Familial Mediterranean Fever (FMF)

FMF is the most common auto-inflammatory syndrome, with more than 100,000 patients worldwide. It is almost exclusively found in people who come from countries around the Mediterranean sea. The highest rate is found among Armenians, Turks, Arabs and Jews of Sephardic origin. The disease is extremely rare in autochthonous Belgians.


Signs and symptoms

The symptoms of FMF have a paroxysmal character. Typically takes an attack will last for 12 hours to 3-4 days. Attacks of FMF are characterized by fever accompanied by signs of serositis (inflammation of the tissue that lines the internal organs). Abdominal pain, as an expression of sterile peritonitis occurs in almost all patients. In addition, one third of patients have recurrent pleurisy, (pleura inflammation). In 25-40% of the patients, the fever attacks are associated with arthritis (joint inflammation), in particular of the knees, wrists, and ankles.



In 1997, the gene that causes FMF was discovered. It is located on the short arm of chromosome 16. Several mutations are known to cause disease. The gene encodes a protein which is called pyrin. The exact mechanism how mutation in pyrin leads to recurrent inflammation remain to be elucidated. Pyrin seems to play an important role in the inflammatory response of the innate immune system.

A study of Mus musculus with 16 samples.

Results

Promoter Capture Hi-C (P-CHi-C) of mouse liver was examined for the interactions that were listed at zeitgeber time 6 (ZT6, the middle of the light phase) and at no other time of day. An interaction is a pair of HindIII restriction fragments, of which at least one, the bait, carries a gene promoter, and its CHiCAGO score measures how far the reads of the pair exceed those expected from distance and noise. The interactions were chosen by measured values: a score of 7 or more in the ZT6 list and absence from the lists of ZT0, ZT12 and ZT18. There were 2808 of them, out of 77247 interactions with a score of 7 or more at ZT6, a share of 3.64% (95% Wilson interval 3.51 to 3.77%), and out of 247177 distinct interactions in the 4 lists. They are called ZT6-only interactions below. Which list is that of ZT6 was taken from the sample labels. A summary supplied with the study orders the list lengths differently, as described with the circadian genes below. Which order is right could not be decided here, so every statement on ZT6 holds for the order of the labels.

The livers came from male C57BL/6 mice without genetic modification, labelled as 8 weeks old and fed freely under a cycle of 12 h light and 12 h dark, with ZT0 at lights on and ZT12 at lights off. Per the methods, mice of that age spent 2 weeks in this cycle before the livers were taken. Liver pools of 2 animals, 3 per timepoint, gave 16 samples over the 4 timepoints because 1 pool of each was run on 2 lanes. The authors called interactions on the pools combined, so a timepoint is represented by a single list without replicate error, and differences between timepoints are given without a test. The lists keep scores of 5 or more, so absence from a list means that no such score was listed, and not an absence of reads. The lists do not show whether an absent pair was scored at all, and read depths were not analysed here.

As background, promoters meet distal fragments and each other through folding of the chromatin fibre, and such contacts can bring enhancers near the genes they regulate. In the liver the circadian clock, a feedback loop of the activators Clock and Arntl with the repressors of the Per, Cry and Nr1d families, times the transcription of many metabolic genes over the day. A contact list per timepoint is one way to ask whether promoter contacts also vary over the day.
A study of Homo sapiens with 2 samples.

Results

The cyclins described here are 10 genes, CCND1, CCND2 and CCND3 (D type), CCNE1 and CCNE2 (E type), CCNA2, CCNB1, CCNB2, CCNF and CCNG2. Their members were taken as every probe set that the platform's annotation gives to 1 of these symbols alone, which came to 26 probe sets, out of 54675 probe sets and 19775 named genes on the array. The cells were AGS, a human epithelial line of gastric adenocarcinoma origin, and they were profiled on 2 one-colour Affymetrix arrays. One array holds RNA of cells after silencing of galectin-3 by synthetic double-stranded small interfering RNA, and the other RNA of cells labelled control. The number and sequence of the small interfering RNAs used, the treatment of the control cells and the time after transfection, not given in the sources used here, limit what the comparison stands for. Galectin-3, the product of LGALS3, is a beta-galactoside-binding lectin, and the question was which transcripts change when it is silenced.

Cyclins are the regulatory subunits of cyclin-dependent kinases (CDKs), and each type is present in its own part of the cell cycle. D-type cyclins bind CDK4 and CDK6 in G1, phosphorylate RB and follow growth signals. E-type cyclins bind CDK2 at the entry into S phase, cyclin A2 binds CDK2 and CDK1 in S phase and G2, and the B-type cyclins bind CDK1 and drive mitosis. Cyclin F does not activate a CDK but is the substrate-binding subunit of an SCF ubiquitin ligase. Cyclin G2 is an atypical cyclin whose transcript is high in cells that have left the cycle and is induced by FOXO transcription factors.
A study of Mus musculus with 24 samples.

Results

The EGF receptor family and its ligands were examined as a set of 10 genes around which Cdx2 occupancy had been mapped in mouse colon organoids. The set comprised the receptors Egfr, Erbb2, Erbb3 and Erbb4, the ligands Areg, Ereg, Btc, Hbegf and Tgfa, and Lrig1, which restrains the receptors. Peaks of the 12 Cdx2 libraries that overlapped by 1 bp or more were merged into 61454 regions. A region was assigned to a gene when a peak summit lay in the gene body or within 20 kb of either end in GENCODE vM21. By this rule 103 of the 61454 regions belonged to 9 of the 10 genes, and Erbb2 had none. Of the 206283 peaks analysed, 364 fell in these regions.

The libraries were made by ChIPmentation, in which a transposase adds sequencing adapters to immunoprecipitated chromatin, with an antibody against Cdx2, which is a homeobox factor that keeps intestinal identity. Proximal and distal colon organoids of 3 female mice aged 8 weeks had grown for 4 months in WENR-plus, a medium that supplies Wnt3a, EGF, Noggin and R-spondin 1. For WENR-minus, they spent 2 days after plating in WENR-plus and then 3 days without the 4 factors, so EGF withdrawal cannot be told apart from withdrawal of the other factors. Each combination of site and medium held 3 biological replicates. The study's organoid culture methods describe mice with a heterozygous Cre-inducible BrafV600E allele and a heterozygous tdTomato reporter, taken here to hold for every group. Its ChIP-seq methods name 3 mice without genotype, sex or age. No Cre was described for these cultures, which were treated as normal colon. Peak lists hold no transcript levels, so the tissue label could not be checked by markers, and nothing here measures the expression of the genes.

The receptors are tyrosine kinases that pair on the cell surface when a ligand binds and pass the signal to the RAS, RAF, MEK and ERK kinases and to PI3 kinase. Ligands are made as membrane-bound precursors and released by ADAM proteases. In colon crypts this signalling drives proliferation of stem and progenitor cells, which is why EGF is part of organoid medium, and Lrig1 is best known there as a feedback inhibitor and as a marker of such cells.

FMF is a clinical diagnosis. That is to say that the diagnosis can be made in the majority of patients on the basis of the signs and symptoms in combination with the ethnic origin. The diagnosis can be confirmed by genetic analysis of the pyrin gene (MEFV).



Colchicine is the treatment of choice for FMF. In most patients, it is very effective in the prevention of attacks. It is even so effective that the prevention of attack by colchicine is regarded as one of the clinical criteria for diagnosis. Only a small proportion of the patients do not respond to treatment with colchicine or are unable to tolerate this treatment. In these patients, IL1-blocking drugs are very effective.